Amy’s Blog 2- Surveying Addict

Hi everyone,

I have been here just over a month now and I thought it would be a great opportunity to update you a bit on what has been going on. Firstly, I think I am getting to understand how everyone takes their tea, a very important thing to get right in this office as I am sure you all understand how important a good cup of tea is!

My time has been split between being in the office preparing for shows and the Crosthwaite and Hoathwaite activity days, inputting data and out and about getting to grip with the rivers and becks in South Cumbria. When I signed up for this voluntary position I never thought I would be making pipe cleaner dragonflies, I never have been a very crafty type of person but if I can make a dragonfly out of pipe cleaners and beads then anyone can! I have also been creating butterfly and moth ID sheets to be used as part of a new buffer strip monitoring programme. This monitoring programme will be undertaken shortly after fencing has been completed alongside becks and rivers and will be continued for a few years to give a record of the success for nature riparian fencing has. Beck side fencing is extremely important; it prevents poaching from animals alongside becks which in turn prevents excess soil and sediment from being washed into the river. It provides a buffer strip from runoff from fields and provides a superb riparian habitat for dragonflies, butterflies and moths which this survey will be focussing on.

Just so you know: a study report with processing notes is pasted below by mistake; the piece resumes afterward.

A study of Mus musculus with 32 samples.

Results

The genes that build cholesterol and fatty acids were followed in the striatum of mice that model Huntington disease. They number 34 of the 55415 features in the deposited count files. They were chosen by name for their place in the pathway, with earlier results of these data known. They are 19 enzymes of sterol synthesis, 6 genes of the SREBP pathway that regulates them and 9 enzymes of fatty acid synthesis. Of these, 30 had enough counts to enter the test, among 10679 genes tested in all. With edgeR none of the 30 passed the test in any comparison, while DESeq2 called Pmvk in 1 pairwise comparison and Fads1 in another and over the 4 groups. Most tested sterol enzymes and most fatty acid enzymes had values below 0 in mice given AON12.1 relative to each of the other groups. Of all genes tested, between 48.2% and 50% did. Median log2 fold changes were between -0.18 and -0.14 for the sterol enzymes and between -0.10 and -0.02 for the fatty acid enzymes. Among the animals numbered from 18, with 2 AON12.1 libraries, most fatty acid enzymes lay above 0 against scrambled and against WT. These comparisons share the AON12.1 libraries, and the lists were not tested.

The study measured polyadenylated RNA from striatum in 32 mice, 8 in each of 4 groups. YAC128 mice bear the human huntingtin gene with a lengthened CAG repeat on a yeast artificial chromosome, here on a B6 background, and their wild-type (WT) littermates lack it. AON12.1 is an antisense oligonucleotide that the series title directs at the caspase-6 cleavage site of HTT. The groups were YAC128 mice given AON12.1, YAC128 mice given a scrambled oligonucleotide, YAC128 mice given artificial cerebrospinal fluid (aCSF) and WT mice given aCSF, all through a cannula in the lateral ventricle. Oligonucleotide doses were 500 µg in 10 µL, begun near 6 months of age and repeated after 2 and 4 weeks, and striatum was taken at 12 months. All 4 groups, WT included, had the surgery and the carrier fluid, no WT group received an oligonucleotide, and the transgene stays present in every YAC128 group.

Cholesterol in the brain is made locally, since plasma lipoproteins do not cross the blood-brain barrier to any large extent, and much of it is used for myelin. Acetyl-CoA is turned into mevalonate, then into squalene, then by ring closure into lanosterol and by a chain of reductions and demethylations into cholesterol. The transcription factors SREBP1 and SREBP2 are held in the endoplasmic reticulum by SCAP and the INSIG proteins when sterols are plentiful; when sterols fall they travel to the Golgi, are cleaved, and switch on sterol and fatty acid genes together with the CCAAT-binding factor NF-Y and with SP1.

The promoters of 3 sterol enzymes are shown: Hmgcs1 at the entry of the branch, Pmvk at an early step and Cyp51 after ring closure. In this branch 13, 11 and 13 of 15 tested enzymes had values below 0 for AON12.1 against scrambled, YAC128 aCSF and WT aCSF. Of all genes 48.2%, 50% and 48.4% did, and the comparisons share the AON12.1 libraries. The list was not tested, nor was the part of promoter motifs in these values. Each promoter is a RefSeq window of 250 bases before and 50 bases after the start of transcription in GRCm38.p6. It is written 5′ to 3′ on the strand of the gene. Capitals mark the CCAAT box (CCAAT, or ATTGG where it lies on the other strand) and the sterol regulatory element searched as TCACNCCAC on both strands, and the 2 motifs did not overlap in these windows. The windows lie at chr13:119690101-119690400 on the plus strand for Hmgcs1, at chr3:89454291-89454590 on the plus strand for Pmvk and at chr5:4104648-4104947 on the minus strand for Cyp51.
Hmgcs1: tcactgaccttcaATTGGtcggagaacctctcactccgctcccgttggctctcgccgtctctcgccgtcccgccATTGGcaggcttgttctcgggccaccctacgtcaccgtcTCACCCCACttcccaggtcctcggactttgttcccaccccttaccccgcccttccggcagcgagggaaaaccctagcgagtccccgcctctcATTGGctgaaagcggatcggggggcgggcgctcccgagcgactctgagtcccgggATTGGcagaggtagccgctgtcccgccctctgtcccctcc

Apparently, walkover surveys should be undertaken in the rain, if only we remembered the waterproof paper!

Outside of the office I have undertaken walkover surveys in the Duddon valley, (Rachael wrote about in her blog), taken to Elterwater to be shown by Mike Sshown how some monitoring work is carried out and most recently been out with Mike W to repair a solar water drinking trough that is installed after becks and rivers have been fenced off to create a new drinking point. Myself and Kath had the pleasure of attending one of the Lake District National Park guided walks around Tarn Hows and Coniston.

A particular highlight of mine was the Hoathwaite activity day which I think it’s safe to say was a success. Myself Mike W, Kath and along with some of the trusts all important volunteers spent the day with the National Trust on the shores of Coniston, we had a great time and I’m sure the visitors did too. Dragonflies and Damselflies were made out of pipe cleaners and beads, rocks were painted, becks were dipped, fish were flapped and many badges were made. Luckily the rain held off for the majority of the day even if it did start raining just as we started to pack up.

I’ll catch up with you all again before I return to university in September.


A few pictures from the Crosthwaite and Hoathwaite activity days.